Martin Kordts on “Triangulating protein-liposome interactions with EPR spectroscopy”
Location: Martin-Luther-Universität Halle-Wittenberg Theodor-Lieser-Straße 9, SR 1.03 (the lecture hall building),
06120 Halle (Saale) Time: 3.20pm - 5.00pm Link to OpenStreetMap
Triangulating protein-liposome interactions with EPR spectroscopy
by Martin Kordts
Hydrophobins are highly surface active fungal proteins of low molecular mass (<20 kDa) that self-assemble at interfaces. Based on hydropathy plots, solubility and superstructure morphology they are divided into two classes: class I (flexible monomers that fibrillate) and class II (compact momomers forming highly ordered membranes)[1, 2]. One of their presumed roles during the fungal life cycle is their involvement in the infection of a host organism by masking pathogenic compounds in order to suppress immune response and facilitate contact between the fungus and the host. [3, 4] We studied the interaction of class I hydrophobin SC3 from S. commune and class II hydrophobin HFB2 from T. reesei with simple liposomes as a model for cell membranes applying continuous wave electron paramagnetic resonance (cwEPR) spectroscopy. A “triangulation approach“ was taken by introducing the necessary paramagnetic species as either (1) a guest molecule (16-doxyl stearic acid; 16-DSA) within the liposome, (2) part of the lipid bilayer, or (3) covalently attached to HFB2.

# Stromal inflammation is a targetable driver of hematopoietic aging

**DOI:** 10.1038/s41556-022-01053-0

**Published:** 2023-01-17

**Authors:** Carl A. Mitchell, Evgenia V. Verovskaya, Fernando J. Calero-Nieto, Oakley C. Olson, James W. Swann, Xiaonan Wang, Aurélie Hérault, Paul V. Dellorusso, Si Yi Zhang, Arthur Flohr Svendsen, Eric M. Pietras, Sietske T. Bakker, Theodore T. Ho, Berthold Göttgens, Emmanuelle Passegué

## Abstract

Choosing the gaugeable component of a complex system in such a way allows for a detailed view of the underlying mechanics on a molecular level at low cost and with high precision.
 Linder, M.B., Hydrophobins: Proteins that self assemble at interfaces. Current Opinion in Colloid & Interface Science, 2009. 14(5): p. 356-363.
 Bayry, J., et al., Hydrophobins–unique fungal proteins. PLoS pathogens, 2012. 8(5): p. e1002700-e1002700.
 Aimanianda, V., et al., Surface hydrophobin prevents immune recognition of airborne fungal spores. Nature, 2009. 460(7259): p. 1117-21.
 Wösten, H.A.B., Hydrophobins: Multipurpose Proteins. Annual Review of Microbiology, 2001. 55(1): p. 625-646.